A growing number of businesses are offering 401(k) accounts, yet the majority of workers aren’t taking advantage of them.
Roth 401(k) plans can be a powerful tool for saving for retirement, but they’re less popular than their conventional counterparts.
A Roth 401(k) plan is similar to a traditional 401(k) plan in that it is provided by an employer and allows for greater maximum contributions than an IRA, or investment retirement account. In 2021, the maximum amount that may be contributed to a Roth 401(k) is $19,500 per year or $26,000 for those 50 and older. Like a conventional 401(k) plan, there are required minimum distributions that must begin by the age of 72 (not to be confused with Roth IRAs, which do not require these withdrawals).
The difference between the two types of 401(k) plans lies in how they are taxed. Traditional 401(k)s are funded with pre-tax funds and the account holder is taxed when he or she withdrawals the money, whereas employees contribute to a Roth account with previously taxed funds that can then be withdrawn tax-free. Roth 401(k) plans are more limited in terms of income than Roth IRAs, with participants subject to income phase-out limitations when contributing to a Roth IRA, but there are no such restrictions on a Roth 401(k).
When workers anticipate that their tax rate will be higher when they retire, they frequently contribute to Roth accounts because the money in these plans grows tax-free and is withdrawn tax-free. Distributions from a Roth IRA are always tax-free, and gains from a Roth IRA are tax- and penalty-free if the account has been open for at least five years and the account holder is 59 1/2 years old.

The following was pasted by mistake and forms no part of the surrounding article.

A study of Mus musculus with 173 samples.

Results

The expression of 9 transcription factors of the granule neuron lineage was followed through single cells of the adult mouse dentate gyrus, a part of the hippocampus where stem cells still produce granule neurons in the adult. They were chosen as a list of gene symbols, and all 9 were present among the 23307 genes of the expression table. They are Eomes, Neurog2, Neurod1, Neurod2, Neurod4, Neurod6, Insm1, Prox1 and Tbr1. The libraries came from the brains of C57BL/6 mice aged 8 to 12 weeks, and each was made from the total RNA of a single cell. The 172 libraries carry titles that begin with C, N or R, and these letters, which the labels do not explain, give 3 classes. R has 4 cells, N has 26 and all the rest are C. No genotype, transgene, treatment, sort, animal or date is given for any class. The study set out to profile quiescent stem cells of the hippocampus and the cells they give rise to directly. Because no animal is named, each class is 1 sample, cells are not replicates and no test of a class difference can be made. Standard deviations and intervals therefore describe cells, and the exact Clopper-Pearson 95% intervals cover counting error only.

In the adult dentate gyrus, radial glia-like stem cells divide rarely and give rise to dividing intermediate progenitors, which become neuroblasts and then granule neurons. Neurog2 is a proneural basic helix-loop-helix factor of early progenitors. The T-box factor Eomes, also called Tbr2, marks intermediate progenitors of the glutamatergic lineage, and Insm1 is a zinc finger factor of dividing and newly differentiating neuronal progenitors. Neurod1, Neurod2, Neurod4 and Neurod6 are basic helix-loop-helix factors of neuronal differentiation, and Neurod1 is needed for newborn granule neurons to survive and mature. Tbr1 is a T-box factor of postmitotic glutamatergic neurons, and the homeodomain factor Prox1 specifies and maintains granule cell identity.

Roth accounts are not right for everyone. In general, it is considered to be a “tax play.” If your marginal tax rate in retirement is expected to be equal or lower than your current rate, you should not invest in a Roth 401(k). Those who are in lower tax brackets, or are switching careers when their incomes are lower than usual, or business owners who had a terrible year might want to think about it.
It is often difficult to predict future tax brackets, especially if retirement isn’t far in the future and there may be adjustments to wages, as well as tax rules. A good rule of thumb when determining which plan to choose is to compare your current tax bracket against what you think it will be in the future.
Employers have begun to offer Roth 401(k) plans in droves. According to the Plan Sponsor Council of America, about 75% of 401(k) plans now include a Roth option, up from less than 50% a decade ago. These types of investments may gain in popularity, especially if Congress continues to consider changes to Roth conversions.
However, not everyone with access to a Roth 401(k) plan makes use of them. Almost eight out of ten eligible workers made traditional 401(k) contributions in 2019, according to the Plan Sponsor Council of America. Only 26.4% of eligible employees made Roth 401(k) contributions.
It’s important for workers to educate themselves on their retirement options. These days, it seems like everyone has a Roth account but not too many people know how to properly utilize them. Feel free to reach out and let us help you manage your goals. If you would like help creating a customized, comprehensive blueprint to build your financial future from, schedule a no-fee, no-obligation virtual appointment or contact us at (941) 756-8716. You can also email us at firstname.lastname@example.org.